Tesco shares volatile as profits soar

With a 27.3% share of the UK grocery market, Tesco remains a bellwether for the wider retail industry.

tesco Source: Bloomberg

Despite some volatility, Tesco (LON: TSCO) shares have been rising since mid-October 2022, and were up by 6% during intraday trading yesterday — though have now fallen back to 283p — after releasing positive full-year results alongside an increased dividend and optimistic future outlook for this financial year.

Remember, past performance is not indicative of future returns.

Tesco share price: full-year results

Tesco reported strong sales performance, with retail like-for-like sales up by 6.8% year-over-year. Statutory revenue rose by 4.4% to £68.2 billion, leaving retail adjusted operating profit up by 10.9% at constant currency rates to £2.8 billion.

However, adjusted operating profit in non-key market Central Europe halved to just £90 million, primarily ‘driven by cost inflation headwinds and regulatory actions in Hungary.’

Statutory operating profit doubled to £2.8 billion, reflecting the £982 million non-cash impairment charge of the prior year compared to the £28 million net release in this year. Meanwhile, net debt fell by £729 million due to strong cash flow and the Bank special dividend of £250 million, leaving Tesco’s net debt/EBITDA ratio at 2.2x.

In terms of shareholder returns, £750 million of shares have been bought back during the financial year, and the retailer proposed a final year dividend of 8.25p, with a full year dividend of 12.1p — an increase of 11% year-over-year.

For context, Tesco has now bought back £1.8 billion of shares since October 2021, and plans to buy back another £1 billion over the next 12 months.

Where next for Tesco shares?

CEO Ken Murphy enthuses that ‘customer perception of the quality of our products is growing ahead of the market and we continue to win customers from premium retailers, with sales of Tesco Finest now exceeding £2bn. We have strong momentum in our business, and are encouraged by signs of improving consumer sentiment.’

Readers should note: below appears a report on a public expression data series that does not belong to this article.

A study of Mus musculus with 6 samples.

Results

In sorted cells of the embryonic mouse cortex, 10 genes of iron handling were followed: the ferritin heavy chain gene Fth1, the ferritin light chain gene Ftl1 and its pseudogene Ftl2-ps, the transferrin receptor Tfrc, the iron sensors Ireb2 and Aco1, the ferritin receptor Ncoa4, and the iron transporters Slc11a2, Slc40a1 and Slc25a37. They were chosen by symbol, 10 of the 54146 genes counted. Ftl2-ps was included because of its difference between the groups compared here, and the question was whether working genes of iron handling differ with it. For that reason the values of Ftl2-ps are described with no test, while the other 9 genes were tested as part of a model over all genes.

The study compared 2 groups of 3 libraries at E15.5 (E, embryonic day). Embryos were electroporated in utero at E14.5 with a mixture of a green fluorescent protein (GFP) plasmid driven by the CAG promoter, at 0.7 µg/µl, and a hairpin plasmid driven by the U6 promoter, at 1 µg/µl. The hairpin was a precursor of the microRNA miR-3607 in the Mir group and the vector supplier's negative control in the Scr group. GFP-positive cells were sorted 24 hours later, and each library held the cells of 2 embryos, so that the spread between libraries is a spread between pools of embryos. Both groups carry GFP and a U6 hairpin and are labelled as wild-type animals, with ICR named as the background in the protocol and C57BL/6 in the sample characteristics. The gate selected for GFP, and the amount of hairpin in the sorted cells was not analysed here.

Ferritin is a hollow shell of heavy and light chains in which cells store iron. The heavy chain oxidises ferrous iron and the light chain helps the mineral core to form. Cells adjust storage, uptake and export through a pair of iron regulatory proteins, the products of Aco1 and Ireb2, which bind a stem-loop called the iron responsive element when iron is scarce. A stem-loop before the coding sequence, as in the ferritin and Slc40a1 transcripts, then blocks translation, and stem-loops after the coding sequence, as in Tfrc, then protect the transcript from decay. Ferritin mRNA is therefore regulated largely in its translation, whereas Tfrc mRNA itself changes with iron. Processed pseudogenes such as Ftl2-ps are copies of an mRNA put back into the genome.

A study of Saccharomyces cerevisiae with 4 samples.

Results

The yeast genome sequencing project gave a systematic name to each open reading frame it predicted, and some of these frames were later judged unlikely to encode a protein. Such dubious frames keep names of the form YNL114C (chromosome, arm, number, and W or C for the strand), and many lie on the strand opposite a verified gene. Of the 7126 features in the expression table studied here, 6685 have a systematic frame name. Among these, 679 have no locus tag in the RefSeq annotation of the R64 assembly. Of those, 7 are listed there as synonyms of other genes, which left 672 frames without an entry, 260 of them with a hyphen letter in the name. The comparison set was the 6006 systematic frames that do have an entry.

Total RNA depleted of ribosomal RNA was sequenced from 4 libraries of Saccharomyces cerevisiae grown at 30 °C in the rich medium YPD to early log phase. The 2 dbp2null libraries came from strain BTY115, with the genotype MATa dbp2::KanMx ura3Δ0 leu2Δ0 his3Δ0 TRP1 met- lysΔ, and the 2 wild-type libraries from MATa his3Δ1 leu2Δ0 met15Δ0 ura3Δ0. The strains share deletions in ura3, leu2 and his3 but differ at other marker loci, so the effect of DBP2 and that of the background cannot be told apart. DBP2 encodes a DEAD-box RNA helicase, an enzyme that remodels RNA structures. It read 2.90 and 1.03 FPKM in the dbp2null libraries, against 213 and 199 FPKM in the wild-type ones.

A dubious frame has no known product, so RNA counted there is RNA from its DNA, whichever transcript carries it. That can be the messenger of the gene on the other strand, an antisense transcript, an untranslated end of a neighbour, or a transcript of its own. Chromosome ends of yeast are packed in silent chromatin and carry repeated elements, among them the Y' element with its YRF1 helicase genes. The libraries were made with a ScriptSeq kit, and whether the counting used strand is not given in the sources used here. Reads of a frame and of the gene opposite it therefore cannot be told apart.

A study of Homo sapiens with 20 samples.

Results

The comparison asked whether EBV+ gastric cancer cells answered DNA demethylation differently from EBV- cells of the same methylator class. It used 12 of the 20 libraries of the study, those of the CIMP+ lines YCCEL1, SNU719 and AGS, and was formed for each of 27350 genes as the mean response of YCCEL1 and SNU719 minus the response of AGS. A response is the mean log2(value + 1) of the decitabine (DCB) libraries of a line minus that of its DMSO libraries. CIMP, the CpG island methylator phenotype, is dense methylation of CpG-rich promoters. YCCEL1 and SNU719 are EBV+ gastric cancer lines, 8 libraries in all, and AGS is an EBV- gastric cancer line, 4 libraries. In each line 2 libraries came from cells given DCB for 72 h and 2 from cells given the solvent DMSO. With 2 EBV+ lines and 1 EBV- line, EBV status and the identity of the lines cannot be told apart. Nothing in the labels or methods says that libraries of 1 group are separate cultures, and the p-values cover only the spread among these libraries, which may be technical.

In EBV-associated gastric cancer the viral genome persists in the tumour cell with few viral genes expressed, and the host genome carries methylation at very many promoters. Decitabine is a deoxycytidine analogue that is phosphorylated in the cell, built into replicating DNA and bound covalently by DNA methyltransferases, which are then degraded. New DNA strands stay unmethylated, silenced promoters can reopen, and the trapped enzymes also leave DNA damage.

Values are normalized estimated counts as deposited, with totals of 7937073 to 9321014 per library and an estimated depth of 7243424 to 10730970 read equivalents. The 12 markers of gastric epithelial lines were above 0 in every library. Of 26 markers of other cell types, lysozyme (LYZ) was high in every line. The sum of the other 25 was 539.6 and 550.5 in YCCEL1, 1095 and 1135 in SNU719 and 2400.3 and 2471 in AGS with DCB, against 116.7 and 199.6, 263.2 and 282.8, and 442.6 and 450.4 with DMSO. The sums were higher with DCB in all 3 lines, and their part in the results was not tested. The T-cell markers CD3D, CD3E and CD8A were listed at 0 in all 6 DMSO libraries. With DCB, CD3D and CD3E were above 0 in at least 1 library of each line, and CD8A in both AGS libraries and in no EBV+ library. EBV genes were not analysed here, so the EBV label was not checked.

For the FY24/25 year, Tesco expects retail adjusted operating profit of at least £2.8 billion, alongside retail free cash flow within a range of £1.4 billion to £1.8 billion. Capital expenditure was £1.3 billion in the year and is expected to rise slightly to £1.4 billion in this year. The FTSE 100 retailer has also previously announced plans to sell the banking operations, which will be completed in H2 2024, generating net £700 million.

The large statutory operating profit drew some ire from Unite general secretary Sharon Graham, who argued that the business was ‘raking in mountains of cash while families struggle to put food on the table because of sky high prices.’ However, Murphy noted ‘we have worked hard to reduce prices and have now been the cheapest full-line grocer for well over a year.’

For context, the Competition and Markets Authority ruled in July 2023 that rising food costs were not driven by weak competition among shops and had not been passed on in full to shoppers. CPI inflation was above 5% for much of 2023, with food inflation specifically into the double digits for much of the year.

Further, 220,000 staff will share a £70 million ‘thank you’ payment, equivalent to 1.5% of annual pay, with a full-time shop worker expected to receive about £300.

Bloomberg Intelligence global retail analyst Charles Allen noted that while the results were ‘broadly in line’ with expectations, they had been ‘just a shade weaker than anticipated.’

While the FTSE 100 business expects to capture a similar retail adjusted operating profit in this financial year, it faces new challenges. The higher minimum wage, in addition to the battle for retail staff, may see costs rise — while slowing inflation could see increasing sales volumes become a higher priority.